Most Peace Corps volunteers in this country would agree that Azerbaijani children aged ten and under are some of the greatest human beings on the planet. Why? Well, think about what makes a kid, a kid. You know, those qualities we cherish. Innocence. Happiness. Loving to have fun. Smiling constantly. Never being shy. These are exhibited in youngins around this country across the board, making me look forward to my sixth grade class with Mrs. Adile.
It isn’t until Azerbaijani kids make it to about eighth grade that you gotta be careful. For some reason, the innocence stops, and boys and girls slip into their “rightful places,” with females being too quiet, and males being…well, sometimes, at least…jerks. Something clicks, and I can’t really put my finger on what it is. Perhaps it’s a “greater” perception of the world around them, of the qualities expected of them, while the typical behavior for those of lesser age is merely labeled as childlike.
I can’t give an exact explanation; all I can really say is that it’s interesting. It also makes the “balıcılar,” or “little ones,” awesome to relate and spend time with. One student in a conversation club brings her ten-year-old sister, Aysel. Not only is she the size of my pinky finger, but she’s also one of the most talkative people I know in the village. And not just talkative in the sense of blabbering off whatever she feels like. She has tact, a sophisticated, conversational way about her that other females of greater age don’t always show. The two of us could walk down the road and talk the whole way. She, and other classmates of hers, speak clearly and audibly, while many older students do not. Mrs. Adile and I often have to tell students to speak loudly ‘cause we can’t hear them. They’re shy and afraid to make a mistake, which makes a short dialogue with Aysel a welcomed change.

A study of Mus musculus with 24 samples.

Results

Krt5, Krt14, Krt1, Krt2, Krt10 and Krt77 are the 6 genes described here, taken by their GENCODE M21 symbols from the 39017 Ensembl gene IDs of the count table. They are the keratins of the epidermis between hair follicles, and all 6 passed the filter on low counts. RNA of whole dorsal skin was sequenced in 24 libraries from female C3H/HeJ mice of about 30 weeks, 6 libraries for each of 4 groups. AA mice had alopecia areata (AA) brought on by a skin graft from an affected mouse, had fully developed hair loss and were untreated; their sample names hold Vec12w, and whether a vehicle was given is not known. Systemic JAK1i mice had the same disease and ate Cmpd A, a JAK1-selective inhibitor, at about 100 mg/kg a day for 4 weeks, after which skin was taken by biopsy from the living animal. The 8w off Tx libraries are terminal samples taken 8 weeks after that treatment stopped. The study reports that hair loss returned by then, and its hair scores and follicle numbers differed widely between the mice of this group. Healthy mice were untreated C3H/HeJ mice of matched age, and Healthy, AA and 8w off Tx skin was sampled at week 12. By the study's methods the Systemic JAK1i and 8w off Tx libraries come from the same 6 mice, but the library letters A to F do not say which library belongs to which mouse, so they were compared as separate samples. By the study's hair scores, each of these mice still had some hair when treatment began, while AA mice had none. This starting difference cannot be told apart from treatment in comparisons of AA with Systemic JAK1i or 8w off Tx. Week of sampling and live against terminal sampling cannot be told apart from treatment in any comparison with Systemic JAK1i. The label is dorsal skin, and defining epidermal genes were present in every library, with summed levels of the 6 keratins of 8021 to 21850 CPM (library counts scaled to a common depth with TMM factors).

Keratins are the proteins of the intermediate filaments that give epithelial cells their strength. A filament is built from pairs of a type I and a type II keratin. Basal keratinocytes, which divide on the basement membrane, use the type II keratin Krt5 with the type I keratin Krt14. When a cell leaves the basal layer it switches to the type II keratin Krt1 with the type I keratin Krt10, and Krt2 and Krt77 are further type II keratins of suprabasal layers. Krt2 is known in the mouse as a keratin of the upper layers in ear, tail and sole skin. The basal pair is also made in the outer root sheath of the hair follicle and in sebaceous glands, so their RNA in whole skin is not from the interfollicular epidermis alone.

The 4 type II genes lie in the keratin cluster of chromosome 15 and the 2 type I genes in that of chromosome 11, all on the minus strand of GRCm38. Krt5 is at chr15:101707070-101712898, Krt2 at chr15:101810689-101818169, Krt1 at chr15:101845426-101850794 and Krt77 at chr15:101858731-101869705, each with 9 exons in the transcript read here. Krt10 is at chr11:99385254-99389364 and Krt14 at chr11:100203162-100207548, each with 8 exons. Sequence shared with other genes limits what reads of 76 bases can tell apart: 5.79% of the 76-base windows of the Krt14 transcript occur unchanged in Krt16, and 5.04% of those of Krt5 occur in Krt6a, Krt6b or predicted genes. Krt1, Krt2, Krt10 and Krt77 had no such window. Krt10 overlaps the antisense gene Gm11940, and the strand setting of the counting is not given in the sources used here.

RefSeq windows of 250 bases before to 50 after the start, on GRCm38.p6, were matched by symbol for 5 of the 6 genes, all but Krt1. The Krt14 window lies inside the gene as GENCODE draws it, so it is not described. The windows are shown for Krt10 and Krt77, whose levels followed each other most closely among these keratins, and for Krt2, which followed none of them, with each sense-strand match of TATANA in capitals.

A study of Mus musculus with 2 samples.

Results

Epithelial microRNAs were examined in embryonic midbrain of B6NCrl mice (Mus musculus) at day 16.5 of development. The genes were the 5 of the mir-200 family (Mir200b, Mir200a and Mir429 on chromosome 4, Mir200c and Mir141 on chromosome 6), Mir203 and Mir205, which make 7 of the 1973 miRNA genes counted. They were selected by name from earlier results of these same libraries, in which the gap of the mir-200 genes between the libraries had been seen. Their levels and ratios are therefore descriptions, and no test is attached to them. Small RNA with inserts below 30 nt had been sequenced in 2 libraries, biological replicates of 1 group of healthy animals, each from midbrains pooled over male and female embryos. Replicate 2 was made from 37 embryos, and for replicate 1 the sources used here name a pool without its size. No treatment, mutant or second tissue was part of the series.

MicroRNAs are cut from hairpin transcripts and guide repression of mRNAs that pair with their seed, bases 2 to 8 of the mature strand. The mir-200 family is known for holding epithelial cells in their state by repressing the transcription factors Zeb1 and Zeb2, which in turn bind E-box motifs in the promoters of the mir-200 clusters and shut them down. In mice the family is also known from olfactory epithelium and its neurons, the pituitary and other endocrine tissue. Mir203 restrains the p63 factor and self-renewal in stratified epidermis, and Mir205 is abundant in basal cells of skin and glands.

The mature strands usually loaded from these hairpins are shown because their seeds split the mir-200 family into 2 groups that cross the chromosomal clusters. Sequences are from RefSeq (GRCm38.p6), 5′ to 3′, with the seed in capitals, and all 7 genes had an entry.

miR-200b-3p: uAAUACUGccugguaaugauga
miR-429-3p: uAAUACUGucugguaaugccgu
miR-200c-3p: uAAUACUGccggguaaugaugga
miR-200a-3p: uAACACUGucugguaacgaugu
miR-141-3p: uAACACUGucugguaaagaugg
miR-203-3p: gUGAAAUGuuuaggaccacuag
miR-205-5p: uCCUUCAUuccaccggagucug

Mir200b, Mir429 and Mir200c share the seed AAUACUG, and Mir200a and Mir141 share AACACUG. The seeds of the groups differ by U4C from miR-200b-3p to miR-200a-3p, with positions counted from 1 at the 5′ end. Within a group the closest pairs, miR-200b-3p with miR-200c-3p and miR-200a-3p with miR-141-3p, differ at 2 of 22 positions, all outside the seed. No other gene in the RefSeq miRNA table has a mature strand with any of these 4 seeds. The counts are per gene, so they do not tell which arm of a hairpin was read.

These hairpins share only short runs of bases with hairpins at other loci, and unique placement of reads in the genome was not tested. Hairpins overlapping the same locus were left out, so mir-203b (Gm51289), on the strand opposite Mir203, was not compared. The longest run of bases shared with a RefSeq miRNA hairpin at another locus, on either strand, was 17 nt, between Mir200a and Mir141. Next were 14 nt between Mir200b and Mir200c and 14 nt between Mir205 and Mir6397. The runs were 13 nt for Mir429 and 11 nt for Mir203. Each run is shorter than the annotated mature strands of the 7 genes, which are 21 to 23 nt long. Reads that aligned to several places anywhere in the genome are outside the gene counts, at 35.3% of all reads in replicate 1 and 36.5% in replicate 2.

And, with this being said, it doesn’t surprise me when I’m running down the street and two tiny children make a request. I saw a little boy and girl walking together a couple weeks ago, so I stopped and said hi. Then the boy looked at me, reached his hand out, and said, “We wanna hold your hand.” What do you say to that? Of course I grasped the young man’s hand, and we walked and talked a short distance to the kids’ house.
There’s something about being a kid, where you don’t really care about where the other person comes from, or what gender he/she may be, or how he talks. You just, well, are what you are, without other people telling you how you ought to be. Seeing those two meter-high children holding hands reminded me that you’d never see that with teenagers in this village, or even married couples. It’s a beautiful sight, a symbol of the universal qualities of children everywhere, who just want someone to walk home with.
And, again, I see an example of qualities that not only affect me and Azerbaijanis in Gumlag Village, but everyone.